A network of pioneering homework clubs is being set up in local libraries in the London borough of Southwark to help secondary school pupils with their projects and homework after school and at weekends.
The initiative will warm the cockles of Labour education and employment spokesman David Blunkett's heart and is believed to be the first large-scale and systematic attempt by a local authority to involve the library service in boosting the educational achievement of pupils in this way.
Southwark is investing Pounds 28,000 in the scheme. Six part-time staff, known as "homework experts", have been trained and hired, and the clubs will open to 11 to 16-year-olds on April 22.
"We learnt that a number of children were using libraries in the borough for quiet space and for help with homework and projects," explained Yousiff Meah, Southwark after-school services manager. "The librarians were happy to help them find information but didn't have the time to give them all the assistance they needed."
Two-hour club sessions will be held on four weekdays and Saturdays. Children will be given help with any questions about their work and taught how to use computers, including CD-Rom technology (Southwark has built up a collection of GCSE curriculum materials on CD-Rom) as well as how to find their way around the libraries' collections. They will also be treated to a drink and a snack.
It is no coincidence that Southwark's library service won a Charter Mark last year for its imaginative schemes and sensitivity to local needs and suggestions. Local libraries in Southwark rent out personal computers at Pounds 1 an hour to residents and give them word processing programs and support. The libraries are in the process of hooking up to the Internet to enable library users to surf for Pounds 3 an hour.
Homework is one of the issues seized on by New Labour in its attempt to revitalise the party's education policy and produce ideas that promote educational achievement. In a speech last October Mr Blunkett recommended that primary pupils should do a minimum of half an hour's homework every night and spoke approvingly of local authority schemes to provide study support centres where secondary school pupils can go to work after school. Southwark's new network of homework clubs matches his ideas precisely.
Professor Michael Barber of London University's Institute of Education, has been helping with a bid from the Prince's Trust to the Millennium Commission to establish a national network of homework clubs on 40 sites around the United Kingdom. The clubs would be held in libraries and schools.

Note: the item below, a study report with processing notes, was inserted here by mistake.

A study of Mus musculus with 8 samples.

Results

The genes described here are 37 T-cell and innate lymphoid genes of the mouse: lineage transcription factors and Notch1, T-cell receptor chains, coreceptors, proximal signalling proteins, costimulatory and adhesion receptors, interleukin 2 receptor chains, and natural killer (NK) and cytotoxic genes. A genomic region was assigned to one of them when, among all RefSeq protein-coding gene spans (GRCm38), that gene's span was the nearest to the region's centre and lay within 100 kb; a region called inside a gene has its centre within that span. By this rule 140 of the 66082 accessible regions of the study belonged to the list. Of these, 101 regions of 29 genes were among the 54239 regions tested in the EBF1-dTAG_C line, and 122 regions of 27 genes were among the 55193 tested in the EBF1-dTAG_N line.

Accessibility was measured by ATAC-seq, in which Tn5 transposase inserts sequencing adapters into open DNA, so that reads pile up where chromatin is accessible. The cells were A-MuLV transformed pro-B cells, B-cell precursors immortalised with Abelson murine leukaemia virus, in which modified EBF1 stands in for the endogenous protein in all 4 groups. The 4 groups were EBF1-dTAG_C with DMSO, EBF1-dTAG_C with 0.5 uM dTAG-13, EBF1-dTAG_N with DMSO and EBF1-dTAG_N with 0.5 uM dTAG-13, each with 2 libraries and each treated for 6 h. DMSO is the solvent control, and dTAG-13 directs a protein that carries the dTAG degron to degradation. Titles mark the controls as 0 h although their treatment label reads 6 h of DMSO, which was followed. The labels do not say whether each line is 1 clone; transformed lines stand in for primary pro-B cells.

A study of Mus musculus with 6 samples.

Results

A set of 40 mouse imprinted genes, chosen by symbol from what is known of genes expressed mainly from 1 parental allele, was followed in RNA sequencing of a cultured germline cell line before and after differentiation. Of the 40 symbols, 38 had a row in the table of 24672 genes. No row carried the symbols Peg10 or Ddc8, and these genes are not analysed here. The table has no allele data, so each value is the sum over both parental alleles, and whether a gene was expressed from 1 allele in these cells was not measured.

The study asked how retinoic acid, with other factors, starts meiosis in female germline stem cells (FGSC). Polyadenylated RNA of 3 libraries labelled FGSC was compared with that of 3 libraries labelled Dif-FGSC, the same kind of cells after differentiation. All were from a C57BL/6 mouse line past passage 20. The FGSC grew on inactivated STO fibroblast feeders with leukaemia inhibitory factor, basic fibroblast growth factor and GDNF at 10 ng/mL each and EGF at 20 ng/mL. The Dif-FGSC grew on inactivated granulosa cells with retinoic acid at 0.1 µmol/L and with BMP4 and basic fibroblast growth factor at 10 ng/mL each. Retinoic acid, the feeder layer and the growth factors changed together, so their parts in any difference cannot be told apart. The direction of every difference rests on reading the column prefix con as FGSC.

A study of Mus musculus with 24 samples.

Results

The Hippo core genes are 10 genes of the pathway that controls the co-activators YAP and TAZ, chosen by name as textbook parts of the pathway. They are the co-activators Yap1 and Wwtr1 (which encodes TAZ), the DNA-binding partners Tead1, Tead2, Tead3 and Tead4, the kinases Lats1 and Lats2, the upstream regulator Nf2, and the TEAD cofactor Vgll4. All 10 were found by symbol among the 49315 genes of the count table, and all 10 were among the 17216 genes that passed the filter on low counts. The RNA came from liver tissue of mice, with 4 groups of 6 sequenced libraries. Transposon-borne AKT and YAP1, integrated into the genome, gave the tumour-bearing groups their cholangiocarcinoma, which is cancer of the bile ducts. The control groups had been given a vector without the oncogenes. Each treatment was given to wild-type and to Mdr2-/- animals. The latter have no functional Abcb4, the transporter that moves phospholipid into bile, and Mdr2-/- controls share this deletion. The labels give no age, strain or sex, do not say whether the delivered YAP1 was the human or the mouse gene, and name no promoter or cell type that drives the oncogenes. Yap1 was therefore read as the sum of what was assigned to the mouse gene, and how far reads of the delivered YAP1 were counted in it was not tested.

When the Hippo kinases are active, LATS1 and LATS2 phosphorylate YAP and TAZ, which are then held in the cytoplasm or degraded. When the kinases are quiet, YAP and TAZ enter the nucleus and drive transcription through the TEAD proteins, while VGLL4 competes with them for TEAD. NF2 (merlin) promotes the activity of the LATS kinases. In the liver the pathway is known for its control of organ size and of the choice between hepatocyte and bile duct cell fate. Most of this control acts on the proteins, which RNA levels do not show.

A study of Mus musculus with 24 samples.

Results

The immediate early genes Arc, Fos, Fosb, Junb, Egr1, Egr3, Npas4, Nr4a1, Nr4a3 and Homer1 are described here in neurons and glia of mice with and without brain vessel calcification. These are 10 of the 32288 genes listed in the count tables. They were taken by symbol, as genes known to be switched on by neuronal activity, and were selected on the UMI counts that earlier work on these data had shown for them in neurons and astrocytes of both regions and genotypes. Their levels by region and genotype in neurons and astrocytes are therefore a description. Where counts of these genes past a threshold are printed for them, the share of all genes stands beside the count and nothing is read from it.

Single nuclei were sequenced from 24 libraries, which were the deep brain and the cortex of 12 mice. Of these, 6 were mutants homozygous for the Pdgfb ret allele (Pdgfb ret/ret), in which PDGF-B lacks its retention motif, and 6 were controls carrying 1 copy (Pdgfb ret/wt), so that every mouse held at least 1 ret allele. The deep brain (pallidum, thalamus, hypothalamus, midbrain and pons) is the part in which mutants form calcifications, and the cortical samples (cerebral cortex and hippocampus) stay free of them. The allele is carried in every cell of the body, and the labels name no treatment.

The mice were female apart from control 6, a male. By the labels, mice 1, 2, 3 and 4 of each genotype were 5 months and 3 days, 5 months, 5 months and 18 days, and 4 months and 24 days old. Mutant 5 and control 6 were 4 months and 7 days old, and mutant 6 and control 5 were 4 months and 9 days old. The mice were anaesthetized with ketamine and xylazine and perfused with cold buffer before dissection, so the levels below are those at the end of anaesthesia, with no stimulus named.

"There is quite a pattern of this sort of thing developing and it is all very positive," said Professor Barber. "There's no doubt that studying in an organised way helps children do better at school."
Other boroughs which have been or are running homework clubs are Hammersmith and Fulham and Westminster, but Southwark is thought to be the first authority to set up the clubs on a systematic basis in its libraries.
It is not, however, publicising its initiative as widely as it could, because it fears being inundated by children eager for help with their homework. "Because it's such a new thing, it's difficult to anticipate what the demand will be," said David Murray, Southwark's service development librarian. "If numbers increase so that we can't accommodate them, we will look at putting the clubs elsewhere" One option would be to transfer them to the premises used by Southwark's existing network of 19 after-school clubs in primary schools, youth centres and church halls, where children can already go to do project work.
The plan is to evaluate how well the clubs are doing, the cost per child, and whether they are having an effect on educational attainment in the borough, currently fourth LEA from the bottom in the league table of GCSE results. It was bottom in 1994 and is pleased that it has managed to pull itself up from that position.
The evaluation will look at whether the clubs lead to an increase in completed homework, as well as the marks that pupils gain and whether children appear more alert and questioning in the classroom. The borough is hoping the clubs will live up to their name - that they will have their own identities and membership, and that children will help one another with their homework.